Aussie mates join Kiwi startup scene

Published on the 08/05/2020 | Written by Heather Wright


Startmate crosses ditch

First Kiwi fund and cohort for Startmate…

New Zealand’s startup sector has been given a boost with Australian accelerator Startmate ready to launch its first fund and cohort in New Zealand.

The inaugural programme, open to startups that are tech-enabled and pre-Series A funding, will kick off in July with mentors from companies including Xero, Raygun, Wish, Vend, Canva and Atlassian.

As of May 1, Startmate says $440,000+ had been raised for the AKL20 fund.

Thirty-seven percent of Startmate companies have been funded, with 71 percent still active or achieving an exit.

In Australia the accelerator has backed more than 110 startups, with a combined valuation of $1 billion, since it was founded in 2011. Thirty-seven percent of those companies have been funded, with 71 percent still active or achieving an exit.

Startmate’s Kiwi launch comes as startups around the world find doors closing on them as venture capital investors take a more cautious approach on the back of the volatile market conditions seen since the outbreak of Covid-19.

GlobalData says venture capital funding announced deals were down 22.5 percent, week on week, in the week ending March 29.

Startmate says it’s a week behind on the plans for its New Zealand launch, which was to go public in April, with both Australia and New Zealand in lockdown.

While the New Zealand fund and cohort will be a first, Startmate has already had a hand in the New Zealand scene. It’s alumni includes Kiwi edtech company Chatterize, a conversation app enabling Chinese ESL learners to practice spoken English, using conversational AI chatbots. Chatterize was part of the Syd20 cohort forced to go remote mid-accelerator as Covid started to bite.

Also featuring among the alumni is Thought-wired, which is working on deeptech to enable interaction with devices using your mind and Streamlined Main Dynamics, developing hardware for ‘rapid on demand air mobility’.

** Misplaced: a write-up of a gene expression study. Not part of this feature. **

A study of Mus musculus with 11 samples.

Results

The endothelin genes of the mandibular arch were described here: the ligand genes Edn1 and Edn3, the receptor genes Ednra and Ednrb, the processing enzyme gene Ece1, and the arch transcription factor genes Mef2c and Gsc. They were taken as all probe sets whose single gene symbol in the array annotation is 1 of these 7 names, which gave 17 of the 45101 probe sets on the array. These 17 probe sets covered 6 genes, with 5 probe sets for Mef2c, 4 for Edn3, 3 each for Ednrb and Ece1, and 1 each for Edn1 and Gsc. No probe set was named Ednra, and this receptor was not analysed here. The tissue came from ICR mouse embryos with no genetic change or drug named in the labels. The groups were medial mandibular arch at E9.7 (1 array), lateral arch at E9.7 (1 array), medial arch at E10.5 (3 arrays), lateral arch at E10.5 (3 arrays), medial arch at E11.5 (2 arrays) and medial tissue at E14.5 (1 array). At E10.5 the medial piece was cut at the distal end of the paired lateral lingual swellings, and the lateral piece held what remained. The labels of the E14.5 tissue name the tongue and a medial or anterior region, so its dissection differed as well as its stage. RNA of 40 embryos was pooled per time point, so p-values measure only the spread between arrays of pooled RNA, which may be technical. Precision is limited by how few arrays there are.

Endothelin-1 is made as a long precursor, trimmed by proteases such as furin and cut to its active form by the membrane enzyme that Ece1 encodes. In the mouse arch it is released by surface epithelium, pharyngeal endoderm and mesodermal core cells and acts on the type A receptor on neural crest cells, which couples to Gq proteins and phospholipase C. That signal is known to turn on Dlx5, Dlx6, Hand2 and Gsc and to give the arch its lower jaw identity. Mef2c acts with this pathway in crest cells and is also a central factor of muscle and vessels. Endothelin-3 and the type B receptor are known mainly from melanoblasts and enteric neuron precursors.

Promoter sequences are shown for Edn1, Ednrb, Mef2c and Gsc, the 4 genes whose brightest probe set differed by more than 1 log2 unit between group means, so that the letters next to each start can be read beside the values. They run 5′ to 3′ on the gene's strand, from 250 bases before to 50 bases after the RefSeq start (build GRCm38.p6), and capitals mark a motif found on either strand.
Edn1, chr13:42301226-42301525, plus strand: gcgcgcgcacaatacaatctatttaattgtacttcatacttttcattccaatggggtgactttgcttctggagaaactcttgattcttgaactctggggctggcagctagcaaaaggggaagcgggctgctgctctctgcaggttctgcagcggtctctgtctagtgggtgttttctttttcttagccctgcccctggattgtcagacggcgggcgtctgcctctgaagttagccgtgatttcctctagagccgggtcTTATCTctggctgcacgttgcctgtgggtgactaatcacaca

New Zealand has been averaging around one new unicorn a year thanks to the likes of Xero, Rocket Lab and Lanzatech.

The government, keen to see an increase in those numbers, unveiled its $300 million Elevate NZ Venture Fund in March. The fund is designed to increase Series A and B investments. The investments are expected to be made into New Zealand businesses over the next 10 to 15 years.

Elevate is managed by New Zealand Growth Capital Partners (NZGCP) – previously the New Zealand Venture Investment Fund – who will run a fund-of-funds model, appointing private fund managers who will raise capital to supplement the government’s investment. The private venture capital funds will then invest in Kiwi technology companies.

NZGCP says it’s on track to make its first commitments to fund managers by June.

“The investment committee will meet shortly to decide which funds to take through to the detailed due diligence phase at this time. Subject to due diligence, those funds short-listed will then be considered by the investment committee and will decide whether to allocate capital into these opportunities, and Elevate remains on track to make its first commitments by or before the end of June,” NZGCP chair Murray Gribben says.

The venture capital funds will then make investments into ‘the most promising high growth New Zealand companies’ of between $2 million to $20 million.

Startmate’s ‘Office Hours’, which provide one on one mentoring later this month from top venture capital firms including Blackbird Ventures, AirTree and Rampersand, along with founders from Canva, Culture Amp, Propeller Aero, Xero, Vend, 90 Seconds and Startmate’s own alunni, is also open to Kiwi companies. (Applications close on May 10.)